Residents asked to familiarize themselves with zones in which they live, work, or go to school
A new online map of St. Albert shows the community broken into 153 zones in the event of an emergency. SCREENSHOT/City of St. Albert

The City of St. Albert's emergency management team has launched a new online map to prepare for emergencies such as evacuations or shelter-in-place scenarios.

Residents are being asked to familiarize themselves with the map, in which all neighbourhoods and the surrounding rural areas within the city limits are broken up into 153 zones.

The zones are labelled with an abbreviation representing the neighbourhood and assigned a number. For example, Deer Ridge has been split into nine zones, labelled DR1 through DR9.

During emergencies, the city will update the online map and zones will be colour coded, with each colour representing different actions that residents are advised to take.

Currently the entire city is highlighted in green, meaning there are no emergencies. When zones are yellow, it means residents in the applicable zones should shelter in place whether they're at home, work, school, in a business, or in a city facility.

When zones are highlighted in orange, it means residents should prepare to evacuate, and when zones are red, it means evacuate immediately.

The city's manager of emergency management, Mark Pickford, said the zones were set in large part based on major arterial and neighbourhood-level arterial roads to avoid traffic issues, especially for first responders attending scenes.

“There's a tendency when people are evacuating just to get in and drive,” he said. “If we're trying to bring in first responders, and you're trying to get people leaving, we get [jammed] and that causes a whole bunch of further confusion.”

The zones were also delineated to factor for population, as Pickford said another idea behind separating individual neighbourhoods into small zones is that sometimes an emergency will only apply to a small area, such as an individual crescent.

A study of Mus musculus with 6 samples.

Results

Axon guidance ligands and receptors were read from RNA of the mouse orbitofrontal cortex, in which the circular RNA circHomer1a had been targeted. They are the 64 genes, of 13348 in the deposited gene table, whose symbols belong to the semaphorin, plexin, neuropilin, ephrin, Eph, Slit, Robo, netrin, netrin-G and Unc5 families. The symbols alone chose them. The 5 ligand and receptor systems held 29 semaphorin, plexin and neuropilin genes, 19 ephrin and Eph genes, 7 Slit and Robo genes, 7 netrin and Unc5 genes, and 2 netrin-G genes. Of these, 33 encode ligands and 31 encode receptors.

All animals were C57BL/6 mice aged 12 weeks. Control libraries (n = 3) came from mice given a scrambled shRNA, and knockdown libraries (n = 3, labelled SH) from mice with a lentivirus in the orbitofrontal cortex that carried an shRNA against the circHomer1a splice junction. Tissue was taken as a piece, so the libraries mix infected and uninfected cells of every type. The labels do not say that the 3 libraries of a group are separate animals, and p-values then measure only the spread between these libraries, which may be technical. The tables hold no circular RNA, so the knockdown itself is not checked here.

“If you got a phone alert at 3 a.m. saying evacuate Deer Ridge, and we only need to do the part around Doolan Place ... then we're putting potentially thousands of people in panic because they're hearing Deer Ridge, and they're like, ‘Well, I live in Deer Ridge.'”

“We needed to further refine it.”

Pickford said the map has been in development for the past six months, and as part of a new “Know Your Zone” campaign the city is launching next month, in conjunction with Emergency Preparedness Week, residents will receive postcards in the mail detailing what zone they live in, as well as additional information about emergency preparedness.

He also said the city expects there to be a learning curve for residents, especially when or if an emergency happens and the city uses the map to inform those in certain zones of actions they need to take.

“We had talked about leaving it off, like not publishing it, and only putting it out there when we need it,” Pickford said. “[But] we decided that we'll launch it now ... because there is an onus and responsibility of the individual and the families to be prepared.”

“A lot of the time nobody cares until it happens to them, but we felt leaving it open and letting people see it [so] they become familiar and comfortable [with the map].”

Pickford also said the city is working with the province to include the zone system with the Alberta Emergency Alert program, so that when an emergency alert is issued and applicable to St. Albert, it will contain information about which of St. Albert's zones are affected.

The city's system also comes just as the provincial government has begun providing weekly updates on wildfire activity throughout Alberta.

Forestry and Parks Minister Todd Loewen told media on April 18 during the first such update of 2024 wildfire risk and activity is heightened for this time of year.

“To date in 2024 we've had more wildfire starts than we had in 2023,” Loewen said, adding the government has had to learn from last year to be better prepared for the 2024 wildfire season.

“We look at last year, we keep using the word 'unprecedented,' and it was unprecedented, so we had to learn from last year and make sure we made changes for this year,” he said.

“Having not only crews start earlier, we started the wildfire season earlier, and also we made sure we were able to hire more people to make sure we're more prepared.”

As of April 19, the provincial wildfire dashboard shows 48 active wildfires across Alberta, all of which are either deemed under control or being held.

RELATED: Sturgeon County grass fires start three weeks early

The dashboard also says 132 wildfires have already been extinguished this year.

Loewen also asked all Albertans to download the Alberta Wildfire app and to check the online dashboard frequently.

Jack Farrell

About the Author: Jack Farrell

Jack Farrell joined the St. Albert Gazette in May, 2022.